Steph Curry brings golf back to Howard University
Golden State Warriors star Steph Curry loves to golf, and he is making sure students at one university have a team to play on if they want.
Curry announced Monday that he will financially support men’s and women’s golf teams at Howard University for the next six years.
“This is one of the most generous gifts in the history of Howard University,” athletic director Kery Davis said at a news conference Monday. Howard is a historically black university in Washington, D.C.
Howard dropped golf in the mid-1970s. They plan to have teams ready to compete in time for the 2020-21 season.
Curry became interested in helping after meeting Howard senior Otis Ferguson IV, an avid golfer, during a campus visit in January.
“The idea around re-creating Howard’s golf team and turning it into a Division I program for men and women was born on that specific night,” Curry said Monday. “Now, seven and a half or eight months later, we’re here.
“Golf is a sport that has changed my life in ways that are less tangible, but just as impactful. It’s a discipline that challenges your mental wherewithal from patience to focus, and is impossible to truly master, so when you hear about these passionate student athletes who have the talent but don’t have a fair shot at the game, it’s tough. I feel really honored to play a small role in the rich history of Howard University.”
Odds on favorites
The latest odds for college football’s BCS title are out, and here are the top 15 favorites, according to Betonline.ag.
Ohio State, 14-1
Notre Dame, 50-1
Texas A&M, 50-1
In case you were wondering, USC is 100-1 and UCLA is 150-1.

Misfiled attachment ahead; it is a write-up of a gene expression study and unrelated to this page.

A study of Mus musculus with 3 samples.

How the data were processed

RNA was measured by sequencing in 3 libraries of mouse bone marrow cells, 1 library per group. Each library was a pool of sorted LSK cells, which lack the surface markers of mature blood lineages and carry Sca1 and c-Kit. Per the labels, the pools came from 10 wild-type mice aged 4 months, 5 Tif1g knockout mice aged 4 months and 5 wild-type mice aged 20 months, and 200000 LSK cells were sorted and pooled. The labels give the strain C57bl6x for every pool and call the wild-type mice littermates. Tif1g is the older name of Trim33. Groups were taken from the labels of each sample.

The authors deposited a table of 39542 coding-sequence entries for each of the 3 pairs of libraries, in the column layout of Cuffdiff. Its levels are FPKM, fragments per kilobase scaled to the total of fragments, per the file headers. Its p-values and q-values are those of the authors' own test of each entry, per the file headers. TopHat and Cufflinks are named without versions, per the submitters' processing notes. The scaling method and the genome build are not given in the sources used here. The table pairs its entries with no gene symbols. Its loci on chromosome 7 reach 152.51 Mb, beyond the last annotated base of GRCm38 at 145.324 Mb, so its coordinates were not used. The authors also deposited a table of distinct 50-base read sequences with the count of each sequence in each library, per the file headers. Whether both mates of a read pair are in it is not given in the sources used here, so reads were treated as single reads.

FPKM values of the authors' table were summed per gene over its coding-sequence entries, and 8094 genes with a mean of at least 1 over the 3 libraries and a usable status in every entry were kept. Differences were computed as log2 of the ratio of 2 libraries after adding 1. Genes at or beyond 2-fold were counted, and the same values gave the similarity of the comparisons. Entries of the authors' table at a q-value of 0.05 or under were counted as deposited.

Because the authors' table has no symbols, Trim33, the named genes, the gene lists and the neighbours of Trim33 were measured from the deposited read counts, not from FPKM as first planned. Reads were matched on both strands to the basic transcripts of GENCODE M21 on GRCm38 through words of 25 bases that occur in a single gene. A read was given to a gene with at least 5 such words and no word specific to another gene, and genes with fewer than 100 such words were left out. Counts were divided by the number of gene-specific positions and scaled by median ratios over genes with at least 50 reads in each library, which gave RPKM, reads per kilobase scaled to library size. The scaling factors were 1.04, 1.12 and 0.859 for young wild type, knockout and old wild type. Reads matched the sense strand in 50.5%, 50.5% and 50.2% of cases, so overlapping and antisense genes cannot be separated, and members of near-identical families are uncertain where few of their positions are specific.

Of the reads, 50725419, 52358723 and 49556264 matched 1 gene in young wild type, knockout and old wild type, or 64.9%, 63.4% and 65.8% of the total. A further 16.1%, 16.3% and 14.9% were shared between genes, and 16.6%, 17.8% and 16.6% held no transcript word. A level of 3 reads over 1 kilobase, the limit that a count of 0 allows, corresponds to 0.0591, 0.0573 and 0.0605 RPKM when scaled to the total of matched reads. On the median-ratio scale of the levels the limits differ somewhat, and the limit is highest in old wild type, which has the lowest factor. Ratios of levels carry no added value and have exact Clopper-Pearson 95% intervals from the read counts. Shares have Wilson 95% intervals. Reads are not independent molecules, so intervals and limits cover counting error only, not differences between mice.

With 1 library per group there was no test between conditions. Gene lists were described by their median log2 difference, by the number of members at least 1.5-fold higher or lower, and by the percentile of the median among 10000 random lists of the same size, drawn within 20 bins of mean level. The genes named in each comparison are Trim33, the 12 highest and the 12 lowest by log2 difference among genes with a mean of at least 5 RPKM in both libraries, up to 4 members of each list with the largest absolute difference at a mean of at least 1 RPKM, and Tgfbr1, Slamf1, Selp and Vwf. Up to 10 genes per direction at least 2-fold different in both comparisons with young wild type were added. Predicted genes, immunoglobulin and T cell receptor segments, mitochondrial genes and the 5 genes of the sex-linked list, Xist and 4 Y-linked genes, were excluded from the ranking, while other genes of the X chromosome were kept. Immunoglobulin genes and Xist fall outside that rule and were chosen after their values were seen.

Your favorite sports moment
What is your all-time favorite L.A. sports moment? Email me at firstname.lastname@example.org and tell me what it is and why and it could appear in a future Morning Briefing.
Today’s moment comes from Elliott Porter of Burbank:
“I have always been a big fan of track and field. In 1956, the Olympic tryouts were held in the Coliseum over a two-day period. I was a teenager and had tickets for the Friday night events.
“Late into the night the only event that had not been completed was the high jump. Charlie Dumas of USC had already won the event, but he was going after the world record. No one had ever cleared seven feet in competition. He missed his first attempt. The stands began to empty. Dumas put on his sweat pants and sat down. He quietly waited for several minutes as the stands continued to empty. Finally, with just a couple of thousand people remaining in the stadium, he made his second jump. He cleared seven feet and gave me one of the biggest sports thrills of my life. It was 63 years ago but I can still see that lone figure in the distant corner of the Coliseum soaring over the bar and into history.”